Kathmandu, September 13
The government’s recent raid on the outlets of branded products in Durbarmarg has revealed that under-invoicing in imports is rampant. Following the incident, traders have been criticised for hurting the government’s revenue. However, the fact is, the Department of Customs and importers are equally responsible regarding this issue.
Under-invoicing in import has not only been hurting government’s revenue, but it also creates breeding ground for shadow economy as importers can easily evade value added tax and income tax as they are able to get clearance from the customs points declaring far lower price for the goods compared to their actual value.
The Department of Customs (DoC) carries out a market survey every year to update the reference value of the goods being imported into the country for the customs valuation purpose. Customs officers take reference from the reference value of the products published by DoC, if they suspect that the declaration made by the importer is false (in terms of price). As per DoC, the reference price of the products is being published and circulated to each customs point for uniformity in valuation.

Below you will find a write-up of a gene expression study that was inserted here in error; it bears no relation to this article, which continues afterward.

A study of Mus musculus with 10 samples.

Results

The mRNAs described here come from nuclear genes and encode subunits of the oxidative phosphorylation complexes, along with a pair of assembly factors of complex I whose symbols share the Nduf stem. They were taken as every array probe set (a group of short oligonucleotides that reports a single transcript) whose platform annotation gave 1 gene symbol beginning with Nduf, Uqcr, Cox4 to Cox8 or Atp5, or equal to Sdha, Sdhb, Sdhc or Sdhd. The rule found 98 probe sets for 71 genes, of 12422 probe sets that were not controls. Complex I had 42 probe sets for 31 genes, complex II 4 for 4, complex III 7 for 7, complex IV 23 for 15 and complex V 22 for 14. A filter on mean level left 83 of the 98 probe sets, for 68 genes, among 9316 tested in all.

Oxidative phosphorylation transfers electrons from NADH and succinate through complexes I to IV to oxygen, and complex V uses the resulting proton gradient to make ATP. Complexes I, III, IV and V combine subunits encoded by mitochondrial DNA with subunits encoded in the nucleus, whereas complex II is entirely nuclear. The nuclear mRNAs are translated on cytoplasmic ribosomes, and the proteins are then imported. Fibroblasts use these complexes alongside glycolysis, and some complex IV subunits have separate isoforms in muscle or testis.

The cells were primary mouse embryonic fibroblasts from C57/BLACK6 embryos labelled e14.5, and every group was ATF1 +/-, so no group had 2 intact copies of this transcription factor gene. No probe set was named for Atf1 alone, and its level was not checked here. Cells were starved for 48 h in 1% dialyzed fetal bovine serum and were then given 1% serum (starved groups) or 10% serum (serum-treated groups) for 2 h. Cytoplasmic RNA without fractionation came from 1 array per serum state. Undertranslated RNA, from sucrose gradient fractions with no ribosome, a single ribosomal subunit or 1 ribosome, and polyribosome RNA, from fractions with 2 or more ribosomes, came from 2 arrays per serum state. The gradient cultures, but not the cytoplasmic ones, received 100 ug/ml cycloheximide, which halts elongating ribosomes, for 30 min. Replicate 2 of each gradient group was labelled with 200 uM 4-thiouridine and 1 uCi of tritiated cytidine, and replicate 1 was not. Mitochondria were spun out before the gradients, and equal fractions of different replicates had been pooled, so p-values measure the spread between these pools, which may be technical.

However, according to traders, the reference price of the customs is not justified for the branded products, which is tempting traders to opt for under-invoicing.
“If an importer genuinely declares the actual value of the goods, he or she simply cannot compete with the under-invoiced goods available in the market,” as per traders. “High customs tariff is the major reason because of which traders declare false specifications of the products so that they can clear goods with low customs tariff.”
“DoC needs to adjust the customs tariff first to encourage traders for the actual declaration of the products during
import,” a reputed importer told The Himalayan Times seeking anonymity. “As long as the tariff rates are kept high, it will be difficult for the government to control such practices.”
Traders have urged for the justified tariff rates to provide equal level playing field and control of under-invoicing and unauthorised trade as well.
However, DoC officials are unwilling to entertain such requests claiming that customs valuation process is ‘scientific’.
A version of this article appears in print on September 14, 2017 of The Himalayan Times.